Winecoff mentions FrontPage founder David Horowitz, who was much maligned for daring to suggest that gays should have closed down their bathhouses at the beginning of the AIDS crisis:
Mr. Horowitz is in good company because even Randy Shilts, who wrote the groundbreaking And the Band Played On, his chronicle of the AIDS epidemic, addressed the issue of the gay community not closing the bathhouses simply out of political correctness – and he, like AIDS activists Michael Callen and Richard Berkowitz, took a lot of flack for it.
I recall visiting a friend in San Francisco in the early ’80s, when AIDS was a rapidly spreading menace no one knew much about yet, and seeing posters all over the place to keep the bath houses open – or risk being thrown into a concentration camp by the Reagan regime. This was the kind of leftwing fantasy that was, and is, so typical. Watch out, or those evil Republicans are going to get you. But again, as a young gay man, I deferred to this fear-mongering – even though, in my gut, the rationale not to close the bathhouses struck me as strange, wrong – even kind of crazy. But what did I know?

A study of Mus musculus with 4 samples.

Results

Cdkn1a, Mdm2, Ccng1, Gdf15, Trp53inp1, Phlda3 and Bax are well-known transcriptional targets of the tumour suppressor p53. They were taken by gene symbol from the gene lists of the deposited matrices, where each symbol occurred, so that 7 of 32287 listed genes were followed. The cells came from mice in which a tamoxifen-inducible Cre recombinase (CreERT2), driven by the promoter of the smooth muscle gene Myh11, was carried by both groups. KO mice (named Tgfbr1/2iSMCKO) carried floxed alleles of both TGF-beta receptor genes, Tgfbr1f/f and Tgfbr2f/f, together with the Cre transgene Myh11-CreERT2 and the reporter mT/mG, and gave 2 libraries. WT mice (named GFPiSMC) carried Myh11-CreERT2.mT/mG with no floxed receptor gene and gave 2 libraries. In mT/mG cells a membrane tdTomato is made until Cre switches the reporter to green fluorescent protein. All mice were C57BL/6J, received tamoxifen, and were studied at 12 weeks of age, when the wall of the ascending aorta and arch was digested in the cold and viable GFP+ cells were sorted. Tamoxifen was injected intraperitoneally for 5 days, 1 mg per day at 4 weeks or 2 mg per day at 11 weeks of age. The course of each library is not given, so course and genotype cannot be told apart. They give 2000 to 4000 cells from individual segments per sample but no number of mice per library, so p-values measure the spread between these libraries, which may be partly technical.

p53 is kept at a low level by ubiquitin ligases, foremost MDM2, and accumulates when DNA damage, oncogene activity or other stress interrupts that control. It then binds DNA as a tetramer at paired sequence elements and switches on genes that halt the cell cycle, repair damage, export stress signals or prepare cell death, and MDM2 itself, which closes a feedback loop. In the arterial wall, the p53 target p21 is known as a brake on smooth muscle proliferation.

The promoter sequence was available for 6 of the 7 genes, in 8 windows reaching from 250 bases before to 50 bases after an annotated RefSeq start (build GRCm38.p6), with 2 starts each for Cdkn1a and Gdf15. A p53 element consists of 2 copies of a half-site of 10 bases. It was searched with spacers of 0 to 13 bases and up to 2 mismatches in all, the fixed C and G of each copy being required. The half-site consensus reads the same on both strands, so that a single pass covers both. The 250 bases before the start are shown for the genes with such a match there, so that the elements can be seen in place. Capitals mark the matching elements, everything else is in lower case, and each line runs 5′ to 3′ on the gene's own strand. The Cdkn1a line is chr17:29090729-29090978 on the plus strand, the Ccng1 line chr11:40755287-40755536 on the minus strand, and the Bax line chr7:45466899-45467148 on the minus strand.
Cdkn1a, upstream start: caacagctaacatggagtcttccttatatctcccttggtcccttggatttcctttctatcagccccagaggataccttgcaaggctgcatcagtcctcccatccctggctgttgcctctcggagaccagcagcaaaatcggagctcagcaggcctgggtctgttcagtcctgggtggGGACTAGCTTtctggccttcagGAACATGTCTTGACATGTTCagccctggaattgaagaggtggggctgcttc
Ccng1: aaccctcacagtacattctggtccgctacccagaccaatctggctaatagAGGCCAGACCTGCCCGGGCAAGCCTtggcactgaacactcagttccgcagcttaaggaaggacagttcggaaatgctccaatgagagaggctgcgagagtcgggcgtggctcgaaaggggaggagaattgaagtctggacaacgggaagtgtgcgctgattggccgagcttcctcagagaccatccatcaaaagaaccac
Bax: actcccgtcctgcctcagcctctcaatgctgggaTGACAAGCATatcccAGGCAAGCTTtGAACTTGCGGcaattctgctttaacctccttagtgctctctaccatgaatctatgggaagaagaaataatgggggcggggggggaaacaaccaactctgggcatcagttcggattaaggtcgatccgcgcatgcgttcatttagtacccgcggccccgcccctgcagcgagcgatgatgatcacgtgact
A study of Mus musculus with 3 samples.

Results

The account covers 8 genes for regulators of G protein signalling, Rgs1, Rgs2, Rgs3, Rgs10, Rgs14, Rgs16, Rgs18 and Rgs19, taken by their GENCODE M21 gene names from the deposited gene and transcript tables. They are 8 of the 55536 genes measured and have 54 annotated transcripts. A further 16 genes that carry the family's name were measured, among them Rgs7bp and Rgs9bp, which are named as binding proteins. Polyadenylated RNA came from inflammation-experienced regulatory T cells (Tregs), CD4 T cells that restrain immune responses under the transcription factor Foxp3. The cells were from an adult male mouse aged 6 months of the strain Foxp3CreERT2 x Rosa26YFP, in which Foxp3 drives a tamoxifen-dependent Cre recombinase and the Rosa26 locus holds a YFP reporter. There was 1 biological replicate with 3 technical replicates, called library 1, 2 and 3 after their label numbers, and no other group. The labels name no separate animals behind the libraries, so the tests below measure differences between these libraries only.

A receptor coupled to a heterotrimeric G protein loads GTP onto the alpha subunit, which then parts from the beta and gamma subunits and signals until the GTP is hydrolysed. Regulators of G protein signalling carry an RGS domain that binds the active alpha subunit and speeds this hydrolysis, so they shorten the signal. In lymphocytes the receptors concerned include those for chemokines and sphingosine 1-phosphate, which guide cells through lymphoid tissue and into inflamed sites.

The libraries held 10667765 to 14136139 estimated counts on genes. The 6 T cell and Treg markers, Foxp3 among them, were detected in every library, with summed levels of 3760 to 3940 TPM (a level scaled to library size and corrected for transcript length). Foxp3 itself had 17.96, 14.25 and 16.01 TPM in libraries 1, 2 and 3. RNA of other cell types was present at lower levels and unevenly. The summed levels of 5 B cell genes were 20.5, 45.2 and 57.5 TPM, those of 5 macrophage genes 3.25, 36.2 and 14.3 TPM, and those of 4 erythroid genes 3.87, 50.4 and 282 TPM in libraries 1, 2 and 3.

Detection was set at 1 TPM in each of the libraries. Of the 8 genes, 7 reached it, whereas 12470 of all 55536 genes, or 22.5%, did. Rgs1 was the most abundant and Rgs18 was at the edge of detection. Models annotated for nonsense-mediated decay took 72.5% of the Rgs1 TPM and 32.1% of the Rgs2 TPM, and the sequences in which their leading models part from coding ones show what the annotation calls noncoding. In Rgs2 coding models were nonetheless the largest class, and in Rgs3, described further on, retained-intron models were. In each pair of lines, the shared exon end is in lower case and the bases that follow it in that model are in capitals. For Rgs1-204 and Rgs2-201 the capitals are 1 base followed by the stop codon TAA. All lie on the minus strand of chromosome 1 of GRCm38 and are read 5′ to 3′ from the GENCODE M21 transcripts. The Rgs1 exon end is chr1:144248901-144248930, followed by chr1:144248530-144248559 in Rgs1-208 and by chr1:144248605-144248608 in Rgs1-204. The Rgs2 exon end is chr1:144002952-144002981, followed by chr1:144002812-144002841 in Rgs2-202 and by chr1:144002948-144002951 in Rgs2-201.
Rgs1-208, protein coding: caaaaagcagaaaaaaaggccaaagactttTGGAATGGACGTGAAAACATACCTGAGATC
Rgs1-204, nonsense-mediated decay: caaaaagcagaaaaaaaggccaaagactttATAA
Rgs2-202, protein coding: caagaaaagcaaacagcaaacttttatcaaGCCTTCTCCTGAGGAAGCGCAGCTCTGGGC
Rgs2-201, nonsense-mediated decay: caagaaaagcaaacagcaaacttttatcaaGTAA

Recently I was taken to task by Martin Patriquin, a reporter for Maclean’s magazine, for (apropos of somthing else) mentioning David Horowitz’s early criticism of the gay community’s refusal to change their culture of promiscuity to stop the spread of AIDS:
“Well, you would quote Horowitz, wouldn’t you? He’s running the same hustle you are.”
“Hustle,” meaning: “you right wingers don’t/can’t possibly mean the crazy stuff you say and write. This is all part of some elaborate money-making scam.”
Argh. He says that’s not what he meant. Whatever.